By: Emma Johnston
The other morning as the clock crept closer to 6:00am I sat at my kitchen table grumpily nursing my first morning coffee. The table beside me was scattered with remnants from last night’s dinner and the floors were still sticky from a spilled Root-beer two days before. I sat there, head throbbing and tears of sheer exhaustion rolling down my cheeks.
That night had been hard, not devastating or tragic, just hard. I had stayed up late, trying to get the last mountain of laundry away before everyone got up the next morning and by the time I was crawling between my sheets I was already tired from a long day. I closed my eyes, ready to dream of sunny beaches and lottery wins and was asleep immediately. Exactly twelve minutes after I had tucked myself into bed my eldest called me from his room. He sounded panicked and upset and so, as I always do, I leapt from my bed and raced to his bedroom expecting to hear of a bad dream or a tummy ache. Instead, he asked me if I had remembered to pack his homework in his back pack… I assured him I had, though in my head I was telling him exactly what I thought he could do with his homework, I tucked him back in and went back to my own room.
Now a little more awake than I wanted to be, I tossed and turned for about half an hour before I finally drifted back to those sunny beaches. Thirty-six minutes after going back to sleep, my daughter called me. It was her middle of the night bathroom break, which normally she can do without the assistance of her mother, but the bathroom was out of toilet paper, and so momma was called. I then wandered from bathroom to bathroom to laundry room, only to discover that, in fact, the entire house was out of toilet paper. I passed her a box of Kleenex, then tucked her back into bed and flopped into my own bed.
I fell asleep quickly this time, but not to sunny to beaches. I fell asleep and was immediately immersed in those terrible dreams that wake you up confused and sobbing. And so, an hour later I sat bolt upright in my bed, trying to figure out if those spider-eyed kidnappers and rabid dogs and eight-foot tall blood sucking leaches, were real or a figment of my imagination. I washed my face, got a drink of water, checked all the closets and went to climb back into bed. Just as I was rolling into what I was sure was going to be a comfortable and rest of the night position, my wretched, moronic cat sauntered into my bedroom, jumped up on my bed and meowed in my face. I tried pushing him away. He came back and meowed more aggressively. I pulled a pillow over my head and he started pawing at my shoulder. I tried growling. He didn’t care, he wanted to go outside, he had some escapade he needed to be on and I was the only adult in the house. I had to let him out. This time I did not keep my feelings to myself and I told the cat exactly what I thought he should do while he was outside. Then closing the door, locking it and muttering incoherently to myself, I went back to bed.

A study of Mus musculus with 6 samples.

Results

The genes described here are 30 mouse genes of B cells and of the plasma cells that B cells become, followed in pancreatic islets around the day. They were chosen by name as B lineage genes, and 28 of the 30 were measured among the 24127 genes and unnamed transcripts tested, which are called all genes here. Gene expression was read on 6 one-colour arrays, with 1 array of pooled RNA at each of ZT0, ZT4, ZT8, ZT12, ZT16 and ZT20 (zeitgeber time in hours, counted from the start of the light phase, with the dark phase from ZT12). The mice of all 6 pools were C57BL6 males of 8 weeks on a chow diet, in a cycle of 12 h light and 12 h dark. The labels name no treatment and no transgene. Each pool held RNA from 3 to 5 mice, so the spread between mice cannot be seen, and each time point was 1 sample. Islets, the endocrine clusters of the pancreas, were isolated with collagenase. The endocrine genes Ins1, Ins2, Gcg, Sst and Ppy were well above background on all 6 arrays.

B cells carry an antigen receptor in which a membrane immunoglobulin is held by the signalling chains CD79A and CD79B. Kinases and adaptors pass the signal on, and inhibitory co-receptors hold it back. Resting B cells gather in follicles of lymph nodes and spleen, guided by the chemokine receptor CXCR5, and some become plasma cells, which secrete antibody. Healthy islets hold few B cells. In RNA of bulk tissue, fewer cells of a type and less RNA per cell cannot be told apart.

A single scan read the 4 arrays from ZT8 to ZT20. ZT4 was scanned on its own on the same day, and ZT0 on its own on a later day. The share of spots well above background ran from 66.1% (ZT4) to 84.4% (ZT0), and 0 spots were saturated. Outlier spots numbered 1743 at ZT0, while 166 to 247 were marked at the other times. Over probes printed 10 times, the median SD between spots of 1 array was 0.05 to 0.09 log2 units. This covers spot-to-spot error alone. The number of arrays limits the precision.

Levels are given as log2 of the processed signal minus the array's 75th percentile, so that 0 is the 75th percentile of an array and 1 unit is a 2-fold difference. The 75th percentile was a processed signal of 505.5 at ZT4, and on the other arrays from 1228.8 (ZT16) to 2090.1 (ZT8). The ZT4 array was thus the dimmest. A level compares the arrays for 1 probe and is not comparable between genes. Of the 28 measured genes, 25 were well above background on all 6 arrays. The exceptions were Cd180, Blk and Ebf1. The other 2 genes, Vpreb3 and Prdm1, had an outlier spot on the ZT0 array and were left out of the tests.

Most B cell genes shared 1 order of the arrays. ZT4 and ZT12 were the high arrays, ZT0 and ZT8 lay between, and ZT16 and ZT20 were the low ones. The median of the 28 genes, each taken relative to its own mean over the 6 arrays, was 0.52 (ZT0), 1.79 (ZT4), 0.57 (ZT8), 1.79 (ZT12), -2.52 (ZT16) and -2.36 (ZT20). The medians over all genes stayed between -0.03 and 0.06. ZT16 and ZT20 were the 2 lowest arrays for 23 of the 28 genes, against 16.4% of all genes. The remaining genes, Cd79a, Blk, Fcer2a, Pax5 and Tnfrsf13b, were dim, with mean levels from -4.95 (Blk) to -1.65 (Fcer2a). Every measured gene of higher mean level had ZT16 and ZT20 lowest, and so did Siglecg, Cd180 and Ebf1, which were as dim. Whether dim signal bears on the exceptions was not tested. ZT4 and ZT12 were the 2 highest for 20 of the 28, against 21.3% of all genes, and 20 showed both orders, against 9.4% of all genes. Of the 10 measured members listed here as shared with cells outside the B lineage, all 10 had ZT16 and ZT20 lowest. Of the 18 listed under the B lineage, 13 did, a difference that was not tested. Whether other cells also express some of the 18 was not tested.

I got two hours of sleep this time until my middle child woke up sick. He was fevered and coughing, he was struggling to breath from the mucous build up and his head hurt. For the next hour and a half I got him water, Tylenol, Kleenexes, I sang him songs, rubbed his back and covered him in Vicks Vapo Rub. Eventually he fell fast asleep in my bed, his slobbery, sweaty head smooshed up against me and he snored himself into oblivion. I had just over an hour until my alarm was scheduled to go off. I adjusted it, giving myself a precious 20 more minutes of sleep and then molded myself around my sick little boy.
I had been asleep for close to half an hour when my daughter woke up again. It was her turn for a bad dream. Crying, disoriented and tangled in her blankets she called for me. I left my son in my bed and dragged my now destroyed self to my daughter’s bedroom. I curled up among her purple owl sheets and told her happy stories of baby kittens and great adventures she would go on with Dallas and Ellis. She eventually fell asleep… I did not.
So at 6:00am on that morning as I looked at an entire day ahead of me, now complicated by a sick child and no less busy than it would have been had I got 7 hours of sleep, I cried and drank my coffee and sat at the kitchen table waiting for some magical energy to spill from my cup and flow through my veins. It didn’t come, but something else did.
Perhaps it was the delirium from lack of sleep but it occurred to me that one day, some time in the future, some distant self, might, one day, actually miss these days. That even though my children do not allow me one ounce of peace, that I would hate not having them here with me. That the snoring, sick child laying horizontally across my bed is an amazing blessing that I wouldn’t trade for the world. That one day nobody will call me when they have a bad dream, no one will need me when they have a cough that keeps them up, no one will rely on me to get their homework in their backpacks. Heck, even my stupid cat will one day be gone and all the noise and sleepless nights and people who need me and call to me and rely on me will be off leading their own lives and I will have perfectly restful nights, alone. No tiny humans that need me to comfort them and protect them and sing to them, one day these sleepless nights will be a memory.
I poured myself an orange juice, hoping the caffeine and the sugar combined would get me going, and then I started to make the kids lunches – because as much as I want a nap, I think I’d better enjoy what I’ve got, ‘cause one day, I’m gonna miss this!